June 29, 1989|RICK HOLGUIN | Times Staff Writer

Phil Millard says the record number of 100-mile races he rode on his bicycle last year was only a steppingstone to bigger things, such as a 500-mile race, and maybe even a 3,000-mile, cross-country race.

"It's the challenge," said Millard, a 38-year-old printer. "It's another goal. I could sit down and say I did it. No matter what, no one could take it away from me."

The Norwalk resident is the 1988 champion of the Ultra-Marathon Cycling Assn.'s "century" division. He rode 39 official century races last year, more than anyone else in the 1,500-member association, said John Marino, president of the Irvine-based group. The second-place finisher, Ray Balz of Long Beach, finished 34 century races, Marino said.

Millard has ridden six century races this year and is training every day for a 500-mile race in October that will start in Valencia, run through Death Valley and finish in Twentynine Palms.

Grueling Race

If Millard rides well enough, he will qualify for the 1990 Race Across AMerica, sponsored by the Ultra-Marathon Cycling Assn. The grueling event runs about 3,000 miles. This year's race will begin Aug. 13 at the Orange County Fairgrounds and end in New York City.

Pete Penseyres of Fallbrook holds the record time for the race, which he completed in eight days, nine hours and 47 minutes in 1986.

Millard, slender and tan, seems almost too casual as he talks about ultra-marathons, races of more than 200 miles.

"One guy in the association said ultra-marathoning is a dirty job but somebody has to do it," Millard said. "That says it all."

Millard said he was not big on strenuous exercise until fairly recently. He ran a bit from 1969 to 1975, when he was in the U.S. Marine Corps. But in the years after his discharge, he was mostly a couch potato.

Then in late 1983, a friend bet Millard that during the next six months, he wouldn't finish a marathon run. Millard won the bet. He said he ran his first 26.2-mile race, the Long Beach Marathon, in February, 1984. He ran the San Francisco Marathon the following August. His times were only average, Millard said, and his body did not take well to marathons.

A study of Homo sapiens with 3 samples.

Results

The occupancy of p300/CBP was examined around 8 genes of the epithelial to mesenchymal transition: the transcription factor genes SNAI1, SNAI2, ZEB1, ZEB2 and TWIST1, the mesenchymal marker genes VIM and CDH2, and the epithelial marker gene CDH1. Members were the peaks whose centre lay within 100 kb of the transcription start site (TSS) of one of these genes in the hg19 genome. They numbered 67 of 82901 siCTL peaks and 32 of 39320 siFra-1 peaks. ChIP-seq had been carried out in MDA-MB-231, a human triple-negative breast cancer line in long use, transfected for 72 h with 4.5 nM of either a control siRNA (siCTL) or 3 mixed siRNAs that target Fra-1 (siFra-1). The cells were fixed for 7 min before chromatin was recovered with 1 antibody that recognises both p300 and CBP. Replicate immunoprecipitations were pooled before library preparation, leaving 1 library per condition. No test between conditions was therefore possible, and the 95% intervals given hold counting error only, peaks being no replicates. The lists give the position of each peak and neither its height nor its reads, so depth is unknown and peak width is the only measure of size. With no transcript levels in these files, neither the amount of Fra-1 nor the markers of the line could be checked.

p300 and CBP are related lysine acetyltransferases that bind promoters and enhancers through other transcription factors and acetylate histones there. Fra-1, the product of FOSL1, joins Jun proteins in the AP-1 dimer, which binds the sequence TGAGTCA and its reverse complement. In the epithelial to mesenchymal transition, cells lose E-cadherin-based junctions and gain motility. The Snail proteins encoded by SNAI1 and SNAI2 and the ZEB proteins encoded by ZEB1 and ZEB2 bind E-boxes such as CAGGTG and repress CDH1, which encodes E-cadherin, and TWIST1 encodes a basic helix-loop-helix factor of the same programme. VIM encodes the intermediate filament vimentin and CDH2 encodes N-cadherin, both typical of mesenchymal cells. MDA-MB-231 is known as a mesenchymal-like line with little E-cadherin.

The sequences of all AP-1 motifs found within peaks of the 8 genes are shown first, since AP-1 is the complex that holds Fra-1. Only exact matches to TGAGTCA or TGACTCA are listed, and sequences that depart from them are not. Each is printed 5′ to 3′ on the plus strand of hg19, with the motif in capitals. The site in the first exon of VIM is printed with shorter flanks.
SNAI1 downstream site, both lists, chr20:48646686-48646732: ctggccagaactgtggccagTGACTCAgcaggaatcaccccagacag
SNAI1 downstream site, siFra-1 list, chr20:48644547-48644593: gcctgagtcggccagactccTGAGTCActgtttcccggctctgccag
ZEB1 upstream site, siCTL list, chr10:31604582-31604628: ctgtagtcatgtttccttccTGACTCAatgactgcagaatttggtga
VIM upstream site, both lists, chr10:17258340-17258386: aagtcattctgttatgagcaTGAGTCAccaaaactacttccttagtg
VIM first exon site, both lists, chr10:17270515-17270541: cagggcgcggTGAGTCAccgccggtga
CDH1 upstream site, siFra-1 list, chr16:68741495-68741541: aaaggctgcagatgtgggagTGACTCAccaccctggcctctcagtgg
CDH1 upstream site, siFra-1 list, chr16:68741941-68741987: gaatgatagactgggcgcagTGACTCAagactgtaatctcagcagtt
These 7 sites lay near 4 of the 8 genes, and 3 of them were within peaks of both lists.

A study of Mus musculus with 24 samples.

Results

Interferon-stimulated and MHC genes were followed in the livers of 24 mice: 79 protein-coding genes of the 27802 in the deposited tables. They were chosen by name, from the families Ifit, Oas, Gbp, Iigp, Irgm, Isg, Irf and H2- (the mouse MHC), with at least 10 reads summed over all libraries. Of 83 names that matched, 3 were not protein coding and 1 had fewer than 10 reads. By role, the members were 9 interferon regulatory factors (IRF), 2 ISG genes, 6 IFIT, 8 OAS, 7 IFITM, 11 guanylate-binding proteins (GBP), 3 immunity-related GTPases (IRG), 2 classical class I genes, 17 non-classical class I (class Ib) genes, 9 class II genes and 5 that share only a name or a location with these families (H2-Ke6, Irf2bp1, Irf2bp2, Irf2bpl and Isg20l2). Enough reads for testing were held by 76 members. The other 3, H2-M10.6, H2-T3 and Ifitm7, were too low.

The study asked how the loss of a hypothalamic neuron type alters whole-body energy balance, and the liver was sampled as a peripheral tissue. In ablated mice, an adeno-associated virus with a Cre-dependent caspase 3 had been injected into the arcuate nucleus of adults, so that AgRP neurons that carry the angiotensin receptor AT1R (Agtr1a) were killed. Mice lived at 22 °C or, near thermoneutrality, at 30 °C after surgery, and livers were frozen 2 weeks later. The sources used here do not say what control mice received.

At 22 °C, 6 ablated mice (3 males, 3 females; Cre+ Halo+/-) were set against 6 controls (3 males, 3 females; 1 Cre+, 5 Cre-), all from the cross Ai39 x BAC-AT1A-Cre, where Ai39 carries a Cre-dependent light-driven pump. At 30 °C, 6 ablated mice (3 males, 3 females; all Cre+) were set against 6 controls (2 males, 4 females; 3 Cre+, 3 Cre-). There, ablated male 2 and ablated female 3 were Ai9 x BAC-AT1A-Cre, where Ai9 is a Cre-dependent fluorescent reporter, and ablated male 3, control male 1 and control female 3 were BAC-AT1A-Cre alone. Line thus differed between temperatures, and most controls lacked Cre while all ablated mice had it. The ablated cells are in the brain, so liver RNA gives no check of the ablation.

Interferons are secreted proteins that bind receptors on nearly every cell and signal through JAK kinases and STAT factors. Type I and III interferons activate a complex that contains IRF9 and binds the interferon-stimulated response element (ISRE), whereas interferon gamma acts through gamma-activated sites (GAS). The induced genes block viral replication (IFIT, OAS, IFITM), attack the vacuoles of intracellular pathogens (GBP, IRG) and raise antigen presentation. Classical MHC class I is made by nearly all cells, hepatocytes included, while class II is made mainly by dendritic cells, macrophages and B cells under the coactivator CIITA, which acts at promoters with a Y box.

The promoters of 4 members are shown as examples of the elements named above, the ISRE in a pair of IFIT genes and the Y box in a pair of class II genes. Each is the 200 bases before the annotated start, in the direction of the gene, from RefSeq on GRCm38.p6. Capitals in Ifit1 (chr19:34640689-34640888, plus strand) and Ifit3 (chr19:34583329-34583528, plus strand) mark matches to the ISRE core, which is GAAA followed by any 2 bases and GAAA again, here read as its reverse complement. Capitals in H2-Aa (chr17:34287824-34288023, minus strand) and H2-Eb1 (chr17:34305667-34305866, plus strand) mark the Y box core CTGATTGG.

"I got stress fractures and shin splints," he said. "I wasn't really trained for the distance."

Millard bought a bicycle in early 1985 while he was recovering.

"I found it was much easier on my body, and never went back to running," Millard said. "I could go out and ride 100 or 200 miles and feel better than if I had run 26. It didn't seem like a hard decision."

Emotional Release

And there is the solitude, the emotional release, said Millard, who also likes to build model airplanes and read.

"What I like the most about cycling is you can gear the workout to fit your mood," he said. "If you're upset about something, instead of breaking things you get out there and ride as fast as you can."

In addition to the century races, which range from 90 to 150 miles, Millard said he has ridden five races of more than 200 miles. Millard says his forte is endurance, which enabled him to be the century champ.

"It's strictly ability--he who grinds the longest," Millard said.

He finished first in four century events, which usually take him about 5 1/2 hours to complete, including stops to refill his water bottles. His cruising speed is about 20 m.p.h.

Millard, a bachelor, says he trains every day and logs at least 300 miles a week on his lightweight road bike in preparation for the 500-mile qualifying race. He says he intends to work up to 600-mile training weeks before the October race through Death Valley.

If he qualifies, he must then try to attract sponsors to help finance his ride in the 3,000-mile Race Across AMerica. Marino, the cycling association president, said it costs at least $4,000 to participate in the race. Most of that is spent on food and gasoline for support staff and vehicles. Marino said 30 to 40 cyclists enter the race, and about one in three finish.

Those odds do not scare Millard.

"There are no guarantees that I can make it," he said. "But I found if you can dream it, you can do it. Your body can do anything your mind tells it to. Seventy percent of it is mental."